Rabindranath Tagore

(1861 - 1941)


Tagore has been a wayfarer towards the same goal
as ours in his own way.


Gitanjali n° 35

Where the mind is without fear and the head is held high;
Where knowledge is free;
Where the world has not been broken up into fragments by narrow domestic walls;
Where words come out from the depth of truth;
Where tireless striving stretches its arms towards perfection;
Where the clear stream of reason has not lost its way into the dreary desert sand of dead habit;
Where the mind is led forward by thee into ever-widening thought and action —
Into that heaven of freedom, my Father, let my country awake.

Sri Aurobindo’s remarks:

«Tagore, of course, belonged to an age which had faith in its ideas and whose very denials were creative affirmations. […] Now all that idealism has been smashed to pieces by the immense adverse Event and everybody is busy exposing its weakness, but nobody knows what to put in its place. […] Until new spiritual values are discovered, no great enduring creation is possible.»

«The entrance of the pure Celtic temperament into English poetry through the Irish revival is likely to do much; the contribution of the Indian mind in work like Tagore’s may act in the same direction.»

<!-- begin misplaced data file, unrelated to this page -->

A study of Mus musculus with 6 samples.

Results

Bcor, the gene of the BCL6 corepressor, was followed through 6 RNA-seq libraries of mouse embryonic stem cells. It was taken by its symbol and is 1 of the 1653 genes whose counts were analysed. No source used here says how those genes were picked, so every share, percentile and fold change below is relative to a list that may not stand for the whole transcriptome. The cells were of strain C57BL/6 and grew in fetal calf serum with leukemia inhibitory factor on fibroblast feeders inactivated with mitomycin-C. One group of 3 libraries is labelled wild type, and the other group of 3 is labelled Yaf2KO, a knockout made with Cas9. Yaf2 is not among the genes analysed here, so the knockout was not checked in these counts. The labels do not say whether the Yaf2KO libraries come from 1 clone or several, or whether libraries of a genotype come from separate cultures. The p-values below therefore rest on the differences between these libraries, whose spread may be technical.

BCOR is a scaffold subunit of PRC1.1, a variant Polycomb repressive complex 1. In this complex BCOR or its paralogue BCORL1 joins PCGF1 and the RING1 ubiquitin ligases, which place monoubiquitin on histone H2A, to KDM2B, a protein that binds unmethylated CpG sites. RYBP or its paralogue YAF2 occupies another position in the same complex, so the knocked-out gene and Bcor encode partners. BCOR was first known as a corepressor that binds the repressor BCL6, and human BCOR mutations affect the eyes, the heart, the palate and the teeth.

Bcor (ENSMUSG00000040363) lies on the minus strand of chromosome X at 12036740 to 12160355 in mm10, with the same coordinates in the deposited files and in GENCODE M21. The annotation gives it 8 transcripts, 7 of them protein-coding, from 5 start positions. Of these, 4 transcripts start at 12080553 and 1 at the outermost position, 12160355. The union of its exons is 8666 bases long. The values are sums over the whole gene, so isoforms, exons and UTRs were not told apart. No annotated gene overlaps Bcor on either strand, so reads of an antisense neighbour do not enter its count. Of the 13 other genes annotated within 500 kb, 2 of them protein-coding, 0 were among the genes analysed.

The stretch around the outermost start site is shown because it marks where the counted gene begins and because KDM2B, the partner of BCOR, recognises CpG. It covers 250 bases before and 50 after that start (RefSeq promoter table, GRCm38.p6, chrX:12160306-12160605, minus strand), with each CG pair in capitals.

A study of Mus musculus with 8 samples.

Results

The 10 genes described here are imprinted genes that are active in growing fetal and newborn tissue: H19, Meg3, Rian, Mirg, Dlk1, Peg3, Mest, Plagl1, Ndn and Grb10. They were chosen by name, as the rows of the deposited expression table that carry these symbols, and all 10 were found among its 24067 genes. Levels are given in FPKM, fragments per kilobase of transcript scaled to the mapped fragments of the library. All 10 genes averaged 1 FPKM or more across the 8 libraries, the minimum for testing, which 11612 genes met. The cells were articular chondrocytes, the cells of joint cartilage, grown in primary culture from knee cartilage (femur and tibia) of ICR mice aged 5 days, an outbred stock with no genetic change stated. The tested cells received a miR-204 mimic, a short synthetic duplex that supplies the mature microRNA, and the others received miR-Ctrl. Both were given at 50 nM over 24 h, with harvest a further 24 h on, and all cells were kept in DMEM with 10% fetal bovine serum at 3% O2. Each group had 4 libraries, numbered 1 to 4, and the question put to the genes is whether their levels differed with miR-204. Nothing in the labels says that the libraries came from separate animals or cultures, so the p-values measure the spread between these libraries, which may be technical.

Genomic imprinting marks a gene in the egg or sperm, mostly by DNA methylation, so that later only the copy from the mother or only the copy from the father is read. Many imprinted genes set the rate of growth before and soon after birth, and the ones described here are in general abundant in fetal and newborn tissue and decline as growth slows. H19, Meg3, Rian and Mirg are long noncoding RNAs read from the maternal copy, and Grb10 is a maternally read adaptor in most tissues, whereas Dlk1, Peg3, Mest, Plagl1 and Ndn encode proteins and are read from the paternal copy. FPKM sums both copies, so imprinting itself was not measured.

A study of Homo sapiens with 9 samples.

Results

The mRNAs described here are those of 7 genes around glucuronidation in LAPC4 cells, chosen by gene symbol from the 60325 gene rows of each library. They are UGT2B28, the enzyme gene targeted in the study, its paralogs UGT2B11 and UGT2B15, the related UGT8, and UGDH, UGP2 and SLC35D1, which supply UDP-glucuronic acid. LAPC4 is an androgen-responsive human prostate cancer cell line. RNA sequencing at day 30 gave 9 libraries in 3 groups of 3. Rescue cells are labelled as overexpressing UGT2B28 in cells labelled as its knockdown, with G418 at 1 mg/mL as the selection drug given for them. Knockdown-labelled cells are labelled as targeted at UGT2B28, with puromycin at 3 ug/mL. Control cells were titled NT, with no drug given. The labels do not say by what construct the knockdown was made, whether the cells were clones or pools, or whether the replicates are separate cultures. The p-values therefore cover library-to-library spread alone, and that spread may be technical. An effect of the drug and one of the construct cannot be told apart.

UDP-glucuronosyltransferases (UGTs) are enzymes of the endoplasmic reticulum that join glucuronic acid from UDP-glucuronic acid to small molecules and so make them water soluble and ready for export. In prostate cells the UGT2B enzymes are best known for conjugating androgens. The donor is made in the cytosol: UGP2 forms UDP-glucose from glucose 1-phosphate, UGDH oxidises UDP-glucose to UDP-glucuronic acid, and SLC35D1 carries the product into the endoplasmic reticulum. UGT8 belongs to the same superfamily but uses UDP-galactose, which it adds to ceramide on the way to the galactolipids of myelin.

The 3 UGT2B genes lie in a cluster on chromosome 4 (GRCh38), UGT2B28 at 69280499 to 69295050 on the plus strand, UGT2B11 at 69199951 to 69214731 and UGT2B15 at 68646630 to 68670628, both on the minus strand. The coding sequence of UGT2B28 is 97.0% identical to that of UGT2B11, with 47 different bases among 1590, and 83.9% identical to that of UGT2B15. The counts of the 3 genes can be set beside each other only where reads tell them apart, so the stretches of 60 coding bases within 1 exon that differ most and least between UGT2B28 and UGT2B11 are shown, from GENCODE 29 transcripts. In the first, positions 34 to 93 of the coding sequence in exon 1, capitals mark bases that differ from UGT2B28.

«The poetry of Tagore is already a new striking instance of what differently seen and followed out might have been a specifically philosophic and religious truth, but here turned into beauty and given a new significance by the transforming power of poetic vision.»

«Tagore’s Gitanjali is not in verse, but the place it has taken has some significance.»

«Tagore’s translations of his lyrics have come in as a powerful adventitious aid, but are not really to the point in the question at issue; for these translations are nothing but a rhythmically poetic prose and that kind of writing, cadenced prose poetry […]. It is perhaps the only method for the work Tagore intended, a poetic translation of poetry reproductive of the exact thought and spiritual intention of the original»


Child, how happy you are sitting in the dust, playing with a broken twig all the morning.
I smile at your play with that little bit of a broken twig.
I am busy with my accounts, adding up figures by the hour.
Perhaps you glance at me and think, “What a stupid game to spoil your morning with!”
Child, I have forgotten the art of being absorbed in sticks and mud-pies.
I seek out costly playthings, and gather lumps of gold and silver.
With whatever you find you create your glad games, I spend both my time and my strength over things I never can obtain.
In my frail canoe I struggle to cross the sea of desire, and forget that I too am playing a game.